Carol Bradley Bursack
Dear Carol: After Mom died seven years ago, Dad adjusted as well as could be expected. However, over the last three years he's been sliding into dementia. He's confused about people, which is our biggest problem for now. When Dad sees my 22-year-old daughter, he thinks that she is my mother back when my parents were young. His overly affectionate welcomes are clearly sexual in nature and it makes us all deeply uncomfortable. I've told my daughter, who does look very much like her grandmother did at a young age, that her grandpa can't help this because his mind isn't working properly.
Dear Carol: My 88-year-old mother recently had a mammogram, and they've discovered a cancerous lump in her breast. I think she should have surgery and treatment, but the doctor says that it should be left alone. He says that considering Mom's age and general health, treating it could be harmful to her and it's not guaranteed to cure her. He actually said that the treatment itself could kill her. I think it's just that they don't want to spend money on old people. Mom says that she doesn't want to go through the treatment, but I think I could talk her into it if the doctor was more supportive.
Dear Carol: My husband is 57 and he has been diagnosed with younger onset Alzheimer's disease. We are both devastated but are trying to make the best of something that can't be made pretty. One thing we are facing is how to respond to people's remarks when we tell them the news. Their reactions range from "I'm sorry" or "that's terrible," which we find kind of comforting, to a pep talk about how people can still live great lives for years to come before the symptoms become bad.
"Code Blue!" A voice cries out in the Emergency Department. "Is there a doctor who can 'tube' a patient in Cardiac Cath Lab?" These beginning lines of "Wishes To Die For: Expanding Upon Doing Less in Advanced Care Directives," by Dr. Kevin J. Haselhorst, prepare the reader for an adventure in self-examination. The first chapter, titled "Self Determination," describes the author's own internal battle to balance his training as a doctor who cures at all costs with the wishes of his patients.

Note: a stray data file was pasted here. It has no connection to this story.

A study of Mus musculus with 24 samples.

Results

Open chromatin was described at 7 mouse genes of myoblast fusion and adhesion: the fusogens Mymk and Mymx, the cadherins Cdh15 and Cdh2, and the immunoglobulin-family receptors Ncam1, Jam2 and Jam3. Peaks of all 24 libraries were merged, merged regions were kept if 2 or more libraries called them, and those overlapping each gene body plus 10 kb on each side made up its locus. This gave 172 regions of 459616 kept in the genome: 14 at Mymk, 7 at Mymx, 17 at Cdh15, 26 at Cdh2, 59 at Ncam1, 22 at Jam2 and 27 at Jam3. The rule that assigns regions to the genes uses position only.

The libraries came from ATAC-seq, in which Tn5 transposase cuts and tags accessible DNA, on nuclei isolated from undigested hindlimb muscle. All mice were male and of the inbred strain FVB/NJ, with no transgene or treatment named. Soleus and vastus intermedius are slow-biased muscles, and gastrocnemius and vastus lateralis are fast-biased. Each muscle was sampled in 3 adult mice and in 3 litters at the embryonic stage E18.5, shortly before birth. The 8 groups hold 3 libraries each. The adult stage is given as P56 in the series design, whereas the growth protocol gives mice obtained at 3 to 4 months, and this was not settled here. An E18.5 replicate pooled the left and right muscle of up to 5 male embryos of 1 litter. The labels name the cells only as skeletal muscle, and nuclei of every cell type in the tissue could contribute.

Dear Carol: I'm a single woman who was forced into early retirement because of multiple sclerosis. My mother has been a widow for years, and I'm her only living child, so we're very close. She recently had two strokes and has residual issues from them, so I had her move in with me. We get along well, but I'm finding that I can't take care of her needs without worsening my own health. We've been looking at different options, and Mom is fine with whatever we need to do. I know that I'm being irrational, but I feel guilty that I can't take care of her by myself.
Dear Carol: My dad is dying of esophageal cancer at the age of 67. Mom died 16 years ago, so it has been just Dad and me for a long time. We're very close and I am afraid for him to die. We've never been religious. I don't know where to turn or what to tell him to make his passing easier. Can you offer any encouragement?—Jess Dear Jess: If your dad is not under hospice care, I'd strongly suggest that option.
Dear Carol: My loving aunt raised me after my mother died. She's only 61, but she's developed Alzheimer's, the type that they call younger onset. She's in a nursing home and I visit several times a week but she often doesn't know me. Sometimes she's just staring off into space. When I'm there, I take her to the dining room and feed her and talk to her. I also try to engage her in other ways but it seems hopeless.
Dear Carol: My dad is 76 years old. I worry about him because he wants to hike and do other outdoor activities alone. He's had one heart attack. Because he's changed his diet and gets lots of exercise, his doctor says that Dad's the healthiest he's been in years. That's all fine, but what if he has a second heart attack when he's off wandering the hills out by the lakes? I want him to take someone with him when he goes hiking, and my mom agrees, but he's always been stubborn.
Dear Carol: My dad has had heart disease for years. He recently had a stroke that left him weak on one side but otherwise he seems to have recovered physically. Mentally, he's not doing so well. He seemed to go downhill fast while he was in the hospital. The neurologist thinks that Dad may have vascular dementia, but she also told me that he shows some signs of Alzheimer's. We're watching him closely now that he's home, but my main concern is that he has times when he talks to people who aren't there.
Dear Carol: I'm trying to determine whether or not it's wise to take my mother out to public events or even to family gatherings. She has mid- to later stage dementia. When I took her to her grandson's program last Christmas she became upset and agitated, yet when I recently took her to a music event in the park she enjoyed it. Now, we're looking at this same grandson's high school graduation. I hate to have Mom miss the event as well as the celebration afterward, but I don't want to upset her or embarrass her grandson.